How to cut down on watering and ditching fertilisers for plants which work with your grass.
Now, if you’re reading this post because you want a smooth velvety green sward, then hop along to another blog. The problem with lawns like that is that they really aren’t very good for the environment. Your ego, maybe, but not people who want to wander over them, play on them, loaf on them and watch bees and butterflies zooming over them and birds hopping about.
But if you want a lawn that’s green: as in, one that doesn’t guzzle water or fertiliser or need cutting so much with a petrol mower, then stick around. Here are five tips:
1. Sow some white clover in amongst the grass seed. The clover will nurture the grass through the nitrogen-fixing nodules on its roots, and is wonderfully durable and lush. It is the organic alternative to lawn feed. You can buy White Clover here.
2. Relax when it gets hot. Have you noticed how resilient grass is? It covers huge stretches of this planet, and survives when trees and other plants find it too cold, and when trees and other plants find it too hot. Your British lawn will be just fine if you let it go a bit brown midsummer when the rains don’t come, rather than mollycoddling it with a sprinkler hose and wasting tons of water.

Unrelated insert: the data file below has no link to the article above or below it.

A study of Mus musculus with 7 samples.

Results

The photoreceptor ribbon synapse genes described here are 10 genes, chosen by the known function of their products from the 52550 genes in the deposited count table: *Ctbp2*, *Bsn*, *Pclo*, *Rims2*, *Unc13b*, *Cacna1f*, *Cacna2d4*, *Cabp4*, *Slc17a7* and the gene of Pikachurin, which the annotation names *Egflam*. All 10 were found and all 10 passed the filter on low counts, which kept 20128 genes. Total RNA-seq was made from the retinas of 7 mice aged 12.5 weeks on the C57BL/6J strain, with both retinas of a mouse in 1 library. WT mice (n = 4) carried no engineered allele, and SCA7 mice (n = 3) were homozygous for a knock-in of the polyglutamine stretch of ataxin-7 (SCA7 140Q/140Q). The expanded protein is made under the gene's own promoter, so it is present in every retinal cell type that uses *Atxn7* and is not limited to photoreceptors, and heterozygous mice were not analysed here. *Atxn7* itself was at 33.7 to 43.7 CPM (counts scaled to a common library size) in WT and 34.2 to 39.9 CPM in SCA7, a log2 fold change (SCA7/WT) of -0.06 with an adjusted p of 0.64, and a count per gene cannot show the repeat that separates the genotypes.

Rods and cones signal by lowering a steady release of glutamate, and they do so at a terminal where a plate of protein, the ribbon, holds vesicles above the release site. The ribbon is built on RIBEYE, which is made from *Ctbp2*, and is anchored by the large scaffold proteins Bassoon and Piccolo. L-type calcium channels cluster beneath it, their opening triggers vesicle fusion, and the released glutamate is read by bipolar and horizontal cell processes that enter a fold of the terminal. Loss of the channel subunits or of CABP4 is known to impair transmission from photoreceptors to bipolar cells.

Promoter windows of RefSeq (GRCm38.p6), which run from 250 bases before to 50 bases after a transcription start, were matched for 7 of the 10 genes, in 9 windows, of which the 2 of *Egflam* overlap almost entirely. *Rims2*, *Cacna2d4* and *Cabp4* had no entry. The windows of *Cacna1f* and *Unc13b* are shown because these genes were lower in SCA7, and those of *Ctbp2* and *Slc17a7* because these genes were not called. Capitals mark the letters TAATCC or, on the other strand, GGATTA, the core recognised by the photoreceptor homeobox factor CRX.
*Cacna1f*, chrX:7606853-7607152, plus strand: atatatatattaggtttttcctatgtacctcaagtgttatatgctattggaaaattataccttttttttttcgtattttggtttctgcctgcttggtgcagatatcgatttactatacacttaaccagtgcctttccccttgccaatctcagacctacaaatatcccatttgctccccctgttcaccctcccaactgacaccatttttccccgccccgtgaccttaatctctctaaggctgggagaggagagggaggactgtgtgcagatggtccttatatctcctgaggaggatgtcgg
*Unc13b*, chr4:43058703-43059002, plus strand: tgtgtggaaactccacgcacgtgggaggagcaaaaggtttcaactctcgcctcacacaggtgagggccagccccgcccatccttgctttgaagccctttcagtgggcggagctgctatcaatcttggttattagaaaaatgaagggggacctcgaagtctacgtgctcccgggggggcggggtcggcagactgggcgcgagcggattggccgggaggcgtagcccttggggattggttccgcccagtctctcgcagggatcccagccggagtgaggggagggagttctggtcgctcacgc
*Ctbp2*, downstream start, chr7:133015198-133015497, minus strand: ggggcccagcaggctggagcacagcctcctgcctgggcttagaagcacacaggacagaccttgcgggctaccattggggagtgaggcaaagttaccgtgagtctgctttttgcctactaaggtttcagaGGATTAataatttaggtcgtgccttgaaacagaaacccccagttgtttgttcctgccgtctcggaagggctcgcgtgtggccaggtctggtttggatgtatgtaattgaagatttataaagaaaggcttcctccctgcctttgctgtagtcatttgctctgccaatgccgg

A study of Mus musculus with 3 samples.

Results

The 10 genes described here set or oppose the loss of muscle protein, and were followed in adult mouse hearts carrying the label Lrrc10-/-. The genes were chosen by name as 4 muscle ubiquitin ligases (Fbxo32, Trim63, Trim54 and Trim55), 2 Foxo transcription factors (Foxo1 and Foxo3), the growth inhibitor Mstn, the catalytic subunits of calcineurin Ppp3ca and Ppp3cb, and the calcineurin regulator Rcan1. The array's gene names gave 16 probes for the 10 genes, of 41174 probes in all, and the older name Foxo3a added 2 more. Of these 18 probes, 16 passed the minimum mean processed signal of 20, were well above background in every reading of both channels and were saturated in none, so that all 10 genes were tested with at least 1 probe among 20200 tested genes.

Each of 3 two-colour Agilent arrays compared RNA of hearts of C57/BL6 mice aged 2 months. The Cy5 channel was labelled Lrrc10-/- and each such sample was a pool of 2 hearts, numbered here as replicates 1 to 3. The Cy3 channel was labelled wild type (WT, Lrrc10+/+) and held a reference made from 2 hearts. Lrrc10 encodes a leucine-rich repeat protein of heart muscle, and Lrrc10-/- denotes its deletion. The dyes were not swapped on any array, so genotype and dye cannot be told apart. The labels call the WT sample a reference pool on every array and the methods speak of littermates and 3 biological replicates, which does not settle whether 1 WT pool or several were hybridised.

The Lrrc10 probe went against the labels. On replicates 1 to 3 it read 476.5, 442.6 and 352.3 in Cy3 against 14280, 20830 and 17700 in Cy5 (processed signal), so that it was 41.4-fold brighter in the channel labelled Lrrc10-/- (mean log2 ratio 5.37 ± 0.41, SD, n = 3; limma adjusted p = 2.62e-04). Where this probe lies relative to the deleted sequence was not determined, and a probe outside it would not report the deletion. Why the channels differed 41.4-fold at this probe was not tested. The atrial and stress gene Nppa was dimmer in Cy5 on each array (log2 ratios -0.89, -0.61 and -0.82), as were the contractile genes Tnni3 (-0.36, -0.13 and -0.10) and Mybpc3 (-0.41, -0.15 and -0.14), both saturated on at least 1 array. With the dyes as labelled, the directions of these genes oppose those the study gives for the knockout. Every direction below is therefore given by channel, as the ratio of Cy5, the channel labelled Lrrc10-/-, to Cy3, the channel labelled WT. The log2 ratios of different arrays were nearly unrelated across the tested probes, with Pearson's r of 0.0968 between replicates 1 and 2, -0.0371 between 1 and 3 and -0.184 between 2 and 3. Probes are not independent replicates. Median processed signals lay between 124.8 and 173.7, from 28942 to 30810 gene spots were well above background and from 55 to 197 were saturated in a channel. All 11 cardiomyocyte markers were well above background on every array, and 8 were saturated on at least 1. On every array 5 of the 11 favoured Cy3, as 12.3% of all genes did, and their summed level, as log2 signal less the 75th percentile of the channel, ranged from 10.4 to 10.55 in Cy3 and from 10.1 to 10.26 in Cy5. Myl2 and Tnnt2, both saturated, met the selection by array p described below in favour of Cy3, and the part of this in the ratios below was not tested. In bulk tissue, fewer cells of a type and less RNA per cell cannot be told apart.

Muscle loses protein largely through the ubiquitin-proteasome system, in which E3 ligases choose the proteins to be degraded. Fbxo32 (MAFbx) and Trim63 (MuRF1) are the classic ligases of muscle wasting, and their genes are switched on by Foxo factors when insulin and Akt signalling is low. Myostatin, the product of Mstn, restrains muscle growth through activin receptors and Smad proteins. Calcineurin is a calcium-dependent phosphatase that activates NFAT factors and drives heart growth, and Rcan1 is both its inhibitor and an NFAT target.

3. Raise the blades on your lawn mower. Cutting the grass right down means it needs more water. If you can, use a push mower rather than a petrol-powered one.
4. Leave the daisies, and maybe the dandelions, too, if you can bear it, so insects have a source of nectar.
5. Leave a patch of grass that you really don’t need to become a meadow, thus supporting even more wildlife, and bringing even more flowers and joy into your garden.